Hurricane Sandy is about to hit the east coast. Many predict that this is going to be the biggest storm of the decade. Every time a storm is suspected to hit, people begin to panic. Hurricanes are a force of nature that humans cannot combat. While many universities across the east coast will be closed on for two days because of the storm, Syracuse University will maintain it’s regular schedule. While I am happy that Sandy is not going to hit Syracuse as hard as other places, I certainly would not complain if Syracuse University canceled classes for a day or two.
I think Sandy was misnamed. A hurricane’s name should sound more threatening and not share the same name as the main protagonist from the movie and musical Grease.
This idea made me wonder why all hurricanes have names.
As a public relations major I am aware how a brand, or name, is extremely important. Yet, while a hurricane is not an organization, product or a celebrity it can be extremely news worthy for a long period of time, making a name beneficial for those following the storm.
According to the history channel, storms used to be named for their time period, geographic location or intensity, for example the Labor Day Hurricane of 1935 or the Big Blow of 1913. This approach became too unorganized so weatherman Clement Wragge began to name hurricanes in the 19th century. He assigned each storm to a letter from the Greek alphabet and characters from Greek and Roman mythology. Soon, however, he strayed from his original approach and named storms after politicians he disliked.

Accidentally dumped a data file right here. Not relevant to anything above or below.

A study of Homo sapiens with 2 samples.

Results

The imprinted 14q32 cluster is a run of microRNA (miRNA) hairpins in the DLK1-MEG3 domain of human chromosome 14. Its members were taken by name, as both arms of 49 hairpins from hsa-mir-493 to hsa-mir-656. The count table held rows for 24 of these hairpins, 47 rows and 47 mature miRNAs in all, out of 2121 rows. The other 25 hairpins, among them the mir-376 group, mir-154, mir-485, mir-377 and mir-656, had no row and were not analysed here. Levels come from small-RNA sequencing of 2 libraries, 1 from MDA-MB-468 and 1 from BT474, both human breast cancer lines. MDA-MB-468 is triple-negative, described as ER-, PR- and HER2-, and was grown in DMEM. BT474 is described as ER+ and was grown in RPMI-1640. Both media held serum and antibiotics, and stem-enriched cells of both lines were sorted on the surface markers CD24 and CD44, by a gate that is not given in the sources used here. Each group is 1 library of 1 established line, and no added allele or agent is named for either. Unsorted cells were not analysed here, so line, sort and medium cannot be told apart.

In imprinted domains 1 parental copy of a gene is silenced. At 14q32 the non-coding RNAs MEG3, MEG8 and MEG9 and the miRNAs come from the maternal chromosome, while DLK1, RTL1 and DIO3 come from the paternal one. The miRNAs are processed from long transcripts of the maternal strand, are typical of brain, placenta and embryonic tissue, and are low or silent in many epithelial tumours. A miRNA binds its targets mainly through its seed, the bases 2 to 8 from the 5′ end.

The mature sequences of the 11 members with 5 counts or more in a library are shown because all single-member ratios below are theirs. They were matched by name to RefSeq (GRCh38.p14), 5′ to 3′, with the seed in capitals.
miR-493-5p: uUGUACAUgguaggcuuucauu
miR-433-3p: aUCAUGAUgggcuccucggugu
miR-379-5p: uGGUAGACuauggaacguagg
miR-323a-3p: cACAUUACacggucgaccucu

Of course, the naming hurricanes after politicians approach did not last. During World War II, meteorologists realized it was crucial to name storms in order to analyze weather maps and keep up with tracking. Many of the weathermen began naming the storms after their wives and girlfriends.
Soon after, the National Weather Service, then known as the National Weather Bureau, unofficial declared that all hurricanes would be named after women’s names. Many feminists did not appreciate hurricanes taking on women’s names. One feminist said “Women are not disasters, destroying life and communities and leaving a lasting and devastating effect.”
As history would have it, in 1979 the National Weather Service created an inventory of both men’s and women’s names which future storms would be based on. There is now a set list that cycles every six years, however deadly storms such as Katrina in 2005 are removed from the list.
This post shows From a PR standpoint, this shows how much impact a name can have. When thinking of an organizations name it is important to remain politically correct and keep all of one’s publics content.
That being said, the name Sandy takes on so many pop culture references, such as Sandra Dee from the musical and movie Grease, that it’s hard to think that the hurricane is going to be threatening and damaging.
(Pop culture reference. http://youtu.be/Uz5D-D7VYmY )
Now that I know the history of hurricanes I am ready to take on Hurricane Sandy!